Efficiency and productivity indicators give an indication of how well an institution performs operationally. Productivity indicators reflect the amount of output per unit of input, while efficiency indicators also take into account the cost of the inputs and/or the price of outputs. Since these indicators are not easily manipulated, they are more readily comparable across institutions than profitability indicators such as Return on Equity and Return on Assets, for example. On the other hand, productivity and efficiency measures are less comprehensive indicators of performance than those of profitability.

Microfinance institutions have much lower rates of efficiency than commercial banks because on a dollar per dollar basis, microcredit is highly labor intensive: a hundred-dollar loan in a microfinance institution requires about as much administrative effort as a loan that is a thousand times larger in a commercial bank.

In this blog we will look at Personnel Productivity Ratio and how it can contribute towards defining the overall quality of the portfolio.

Personnel Productivity Ratio

This ratio captures the productivity of the institution’s staff – the higher the ratio, the more productive the institution’s staff. Indirectly, the ratio says a fair amount about how well the MFI has adapted its processes and procedures to the administration of its products and services. Low staff productivity does not necessarily mean that personnel are not working hard. It may show that they are tied up in excessive paperwork and procedures.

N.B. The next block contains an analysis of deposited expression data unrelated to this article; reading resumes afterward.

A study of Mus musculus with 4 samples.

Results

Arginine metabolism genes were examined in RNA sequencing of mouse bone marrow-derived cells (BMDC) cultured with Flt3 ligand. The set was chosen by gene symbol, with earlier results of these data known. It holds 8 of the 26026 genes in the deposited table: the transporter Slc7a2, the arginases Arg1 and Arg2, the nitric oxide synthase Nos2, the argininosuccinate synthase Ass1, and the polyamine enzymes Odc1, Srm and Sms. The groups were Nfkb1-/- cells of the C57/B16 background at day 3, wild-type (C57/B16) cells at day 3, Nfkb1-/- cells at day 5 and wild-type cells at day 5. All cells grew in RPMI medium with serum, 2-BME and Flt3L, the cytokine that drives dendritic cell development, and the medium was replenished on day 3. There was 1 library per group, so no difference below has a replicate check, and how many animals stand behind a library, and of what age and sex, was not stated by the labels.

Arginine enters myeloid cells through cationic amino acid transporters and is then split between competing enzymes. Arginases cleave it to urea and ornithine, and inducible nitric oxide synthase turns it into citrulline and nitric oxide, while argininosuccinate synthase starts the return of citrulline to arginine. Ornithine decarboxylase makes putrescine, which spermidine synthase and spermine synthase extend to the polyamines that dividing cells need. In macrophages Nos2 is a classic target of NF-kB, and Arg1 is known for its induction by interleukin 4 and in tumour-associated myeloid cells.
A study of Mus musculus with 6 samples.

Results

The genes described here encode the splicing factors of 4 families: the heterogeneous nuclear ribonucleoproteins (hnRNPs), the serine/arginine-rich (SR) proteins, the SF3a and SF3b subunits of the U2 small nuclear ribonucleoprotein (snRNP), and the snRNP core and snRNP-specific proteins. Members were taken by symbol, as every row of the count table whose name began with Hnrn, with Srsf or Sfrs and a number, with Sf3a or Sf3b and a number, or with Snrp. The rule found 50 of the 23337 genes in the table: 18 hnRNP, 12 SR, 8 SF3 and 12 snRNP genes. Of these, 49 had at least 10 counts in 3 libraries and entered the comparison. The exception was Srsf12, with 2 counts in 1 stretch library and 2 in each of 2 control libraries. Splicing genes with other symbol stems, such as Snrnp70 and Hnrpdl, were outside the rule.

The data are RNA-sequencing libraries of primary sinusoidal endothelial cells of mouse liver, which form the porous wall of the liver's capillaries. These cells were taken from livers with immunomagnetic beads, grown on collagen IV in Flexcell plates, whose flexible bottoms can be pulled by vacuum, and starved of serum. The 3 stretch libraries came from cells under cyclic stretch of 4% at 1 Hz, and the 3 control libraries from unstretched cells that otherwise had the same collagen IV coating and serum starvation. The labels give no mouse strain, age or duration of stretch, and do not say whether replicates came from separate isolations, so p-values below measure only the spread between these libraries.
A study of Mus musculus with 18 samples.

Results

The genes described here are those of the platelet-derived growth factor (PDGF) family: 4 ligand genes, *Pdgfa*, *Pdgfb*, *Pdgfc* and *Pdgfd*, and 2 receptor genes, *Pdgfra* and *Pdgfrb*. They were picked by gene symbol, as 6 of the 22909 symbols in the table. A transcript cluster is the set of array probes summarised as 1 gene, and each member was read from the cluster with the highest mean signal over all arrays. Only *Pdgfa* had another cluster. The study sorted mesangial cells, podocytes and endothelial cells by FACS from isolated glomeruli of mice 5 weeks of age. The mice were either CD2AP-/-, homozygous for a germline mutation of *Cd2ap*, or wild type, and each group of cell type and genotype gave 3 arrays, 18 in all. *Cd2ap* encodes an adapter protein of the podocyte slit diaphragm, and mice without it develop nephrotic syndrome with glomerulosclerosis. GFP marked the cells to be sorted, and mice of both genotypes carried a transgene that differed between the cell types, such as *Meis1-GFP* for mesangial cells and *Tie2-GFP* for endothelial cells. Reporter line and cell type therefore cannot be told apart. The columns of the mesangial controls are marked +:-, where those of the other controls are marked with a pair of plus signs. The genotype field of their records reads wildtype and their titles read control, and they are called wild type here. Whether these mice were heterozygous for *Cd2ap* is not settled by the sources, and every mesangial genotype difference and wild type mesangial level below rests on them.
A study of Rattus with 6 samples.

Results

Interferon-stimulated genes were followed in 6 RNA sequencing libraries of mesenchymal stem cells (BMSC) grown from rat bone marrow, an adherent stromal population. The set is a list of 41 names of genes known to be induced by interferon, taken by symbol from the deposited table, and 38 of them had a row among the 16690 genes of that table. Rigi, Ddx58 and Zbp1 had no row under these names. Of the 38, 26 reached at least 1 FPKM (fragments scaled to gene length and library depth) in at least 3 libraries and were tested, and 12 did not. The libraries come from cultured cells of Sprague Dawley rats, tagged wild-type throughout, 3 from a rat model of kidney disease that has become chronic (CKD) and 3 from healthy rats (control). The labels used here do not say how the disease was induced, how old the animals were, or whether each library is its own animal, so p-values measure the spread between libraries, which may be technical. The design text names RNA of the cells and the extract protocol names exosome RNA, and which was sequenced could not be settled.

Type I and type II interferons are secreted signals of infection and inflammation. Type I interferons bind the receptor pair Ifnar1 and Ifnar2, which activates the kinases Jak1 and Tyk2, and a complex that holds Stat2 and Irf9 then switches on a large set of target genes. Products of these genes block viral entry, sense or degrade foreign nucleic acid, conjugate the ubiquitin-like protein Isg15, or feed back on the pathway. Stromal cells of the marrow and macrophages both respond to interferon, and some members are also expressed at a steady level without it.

Traditionally, the microfinance community used the ratio of clients per loan officer (or loans per loan officer, see Loan Officer Productivity Ratio) to measure productivity. While this is a useful indicator, the Personnel Productivity Ratio includes all staff instead of only loan officers in the denominator and thus captures an institution-wide perspective on staff productivity. This is particularly relevant when an MFI has efficient loan officers but cumbersome and bureaucratic back-office procedures (or vice versa). In order for MFIs to succeed they must learn to maximize productivity by using the least amount of resources to process the greatest volume of loans in a way that does not sacrifice portfolio quality or customer service. This critical equilibrium of efficiency and productivity must be paramount at every level of the MFI and a key measure of operational management.

The Personnel Productivity Ratio is more useful and more accurate for smaller financial institutions that have a focus on growing their client base while Revenues per Employee is more suited to larger, more commercialized banking that seek to grow portfolio size.

In the next blog we will look at Loan Officer Productivity Ratio and how it impacts the overall efficiency and productivity of a MFI.